New computational workflow for analyzing gene expression in single cells reveals potential drug targets to treat atherosclerosis
January 4, 2022
The team used their cardioinformatics pipeline to reveal new types of vascular cells derived from the smooth muscle cells found in the walls of arteries, along with insight on the communication pathways among those cells.
“This is one of the first studies to show how big data, single-cell sequencing and genomics can be leveraged to find new drug targets in heart disease, which is the number one global killer,” said Bohdan Khomtchouk, PhD, co-senior author on the study and an instructor in the Section of Computational Biomedicine and Biomedical Data Science at UChicago Medicine’s Institute for Genomics and Systems Biology and UChicago’s Master of Science in Biomedical Informatics (MScBMI) program.
Clint Miller, PhD, an assistant professor at the University of Virginia’s Center for Public Health Genomics and study co-senior author, said that the majority of currently approved drugs for heart disease target traditional risk factors such as high cholesterol or blood pressure.
“We hope that these single-cell genomics approaches can inform more precise treatments by targeting cell-specific factors intrinsic to the vessel wall,” said Miller.
Their collaborative study, “Enhanced single-cell RNA-seq workflow reveals coronary artery disease cellular cross-talk and candidate drug targets,” was published November 26, 2021 in the journal Atherosclerosis.
Atherosclerosis is the term given to the build-up of plaque inside or along the walls of arteries, a process that increases gradually as people age. When the vessel walls become inflamed and hardened by the plaque, which is made up of fatty materials like cholesterol, blood flow can be constricted or blocked. Atherosclerosis is a major cause of life-threatening heart attacks and strokes.
Using a modeling technique called RNA-trajectories, the team found that vascular smooth muscle cells give rise to other types of cells, including cells similar to fibroblasts and chondrocytes, that are capable of expressing signs of inflammation and extracellular matrix degradation, both warning signs of atherosclerosis. Khomtchouk likened these vascular cell discoveries to finding new clusters of stars in the sky.
“Scientists are still discovering different cell types in the heart, and this is where we broke new ground,” said Khomtchouk, whose lab specializes in using computational biology and large, complex sets of biological data to research and discover new drugs for cardiovascular, renal and metabolic diseases. “We wanted to show that we can find new heart cell types – cells that don’t even have names yet – using some of these large-scale cardioinformatics approaches.”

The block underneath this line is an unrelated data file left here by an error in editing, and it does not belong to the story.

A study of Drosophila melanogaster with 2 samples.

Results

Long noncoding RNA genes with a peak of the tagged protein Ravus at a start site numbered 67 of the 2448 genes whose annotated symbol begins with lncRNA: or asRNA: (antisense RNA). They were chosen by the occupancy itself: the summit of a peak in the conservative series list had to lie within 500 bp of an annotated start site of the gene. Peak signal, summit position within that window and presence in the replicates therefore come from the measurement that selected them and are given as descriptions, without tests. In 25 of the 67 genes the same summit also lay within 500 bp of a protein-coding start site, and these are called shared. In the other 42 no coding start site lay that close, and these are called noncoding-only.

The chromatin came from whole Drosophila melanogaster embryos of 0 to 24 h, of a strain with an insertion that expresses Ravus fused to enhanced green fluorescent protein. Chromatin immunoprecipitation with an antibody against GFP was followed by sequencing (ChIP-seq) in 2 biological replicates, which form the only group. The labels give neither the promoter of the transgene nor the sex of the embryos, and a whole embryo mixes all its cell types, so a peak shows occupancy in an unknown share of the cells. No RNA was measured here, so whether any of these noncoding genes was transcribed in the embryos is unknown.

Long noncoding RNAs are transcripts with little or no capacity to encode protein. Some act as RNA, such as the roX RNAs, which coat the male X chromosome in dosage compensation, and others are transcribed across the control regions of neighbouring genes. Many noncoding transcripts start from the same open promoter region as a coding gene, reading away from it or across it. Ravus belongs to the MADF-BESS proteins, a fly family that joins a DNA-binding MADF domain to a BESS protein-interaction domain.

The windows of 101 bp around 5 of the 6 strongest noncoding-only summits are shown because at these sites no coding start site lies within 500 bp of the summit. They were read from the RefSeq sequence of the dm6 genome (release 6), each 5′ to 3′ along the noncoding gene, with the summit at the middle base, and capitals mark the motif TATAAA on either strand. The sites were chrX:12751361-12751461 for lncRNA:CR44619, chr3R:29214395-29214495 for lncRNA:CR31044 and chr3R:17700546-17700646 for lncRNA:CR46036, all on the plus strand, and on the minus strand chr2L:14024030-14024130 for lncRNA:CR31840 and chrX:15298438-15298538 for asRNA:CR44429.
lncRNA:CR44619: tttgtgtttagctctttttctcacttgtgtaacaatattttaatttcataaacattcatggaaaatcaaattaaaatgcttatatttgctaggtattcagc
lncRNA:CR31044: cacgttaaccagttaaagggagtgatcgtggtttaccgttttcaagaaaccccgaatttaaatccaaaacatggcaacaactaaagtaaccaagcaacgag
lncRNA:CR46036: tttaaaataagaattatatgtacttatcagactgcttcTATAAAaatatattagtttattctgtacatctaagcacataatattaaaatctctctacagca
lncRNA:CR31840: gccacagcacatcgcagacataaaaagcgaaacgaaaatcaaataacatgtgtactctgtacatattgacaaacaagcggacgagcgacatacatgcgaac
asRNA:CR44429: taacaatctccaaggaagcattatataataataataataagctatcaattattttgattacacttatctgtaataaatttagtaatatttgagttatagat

The team was able to identify several already-approved drugs as capable of disrupting communication between those smooth muscle cells and fibroblast cells. For instance, they identified several chemotherapies targeting the epidermal growth factor receptor (EGFR) signaling cascade that hold potential for drug repurposing to block erroneous signaling and inflammation in different cell types.
Understanding how this "crosstalk" among cells works could help scientists better understand the complexities of atherosclerosis and how plaque begins to develop; the next step would be verifying the effectiveness of the drugs by conducting preclinical and clinical trials.
While the research is a preliminary first step to developing a new drug, these types of computer-performed in silico experiments shed data-driven light on potential combination therapies or reduce potential adverse effects by targeting cell type-specific processes in the heart and vasculature.
“Over 90 percent of clinical trials fail,” said Khomtchouk. “Any kind of precision cardiology effort that can make drug discovery more precise is extremely valuable and informs actionable analytic insights that illuminate novel cardiovascular biology and enable new therapeutics.”
The workflow has applications beyond atherosclerosis and coronary artery disease research. Khomtchouk and Miller hope that scientists in different fields such as cancer and neurodegenerative diseases apply the workflow to their own datasets to formulate testable biological hypotheses.
The researchers also developed an open-source, interactive web application called PlaqView that allows anyone to explore datasets and compare single-cell RNA sequencing tools with no prior coding knowledge.
“More human atherosclerosis and coronary artery disease datasets are actively being added to PlaqView, including disease contexts from other species like mouse,” said Khomtchouk. “More data is more statistical power. Our lab is pioneering the field of cardioinformatics and studies like this are paving the road towards a healthier, more sustainable future of better heart drugs through computation.”
“Enhanced single-cell RNA-seq workflow reveals coronary artery disease cellular cross-talk and candidate drug targets” was written by Bohdan Khomtchouk and Alexandra Ligay of the University of Chicago, Clint Miller, Wei Feng Ma, Chani Hodonsky, Adam Turner, Doris Wong, Yipei Song, Jose Verdezoto Mosquera, Christina Gancayco, Gary Owens, Nelson Barrientos, David Mai, Gabriel Alencar and Katherine Owsiany of the University of Virginia, Lotte Slenders, Gerard Pasterkamp, Michal Mokry and Sander van der Laan of Utrecht University and Huize Pan and Muredach Reilly of Columbia University. Funding support was provided by the National Institutes of Health, the American Heart Association and the Leducq Foundation Transatlantic Network of Excellence.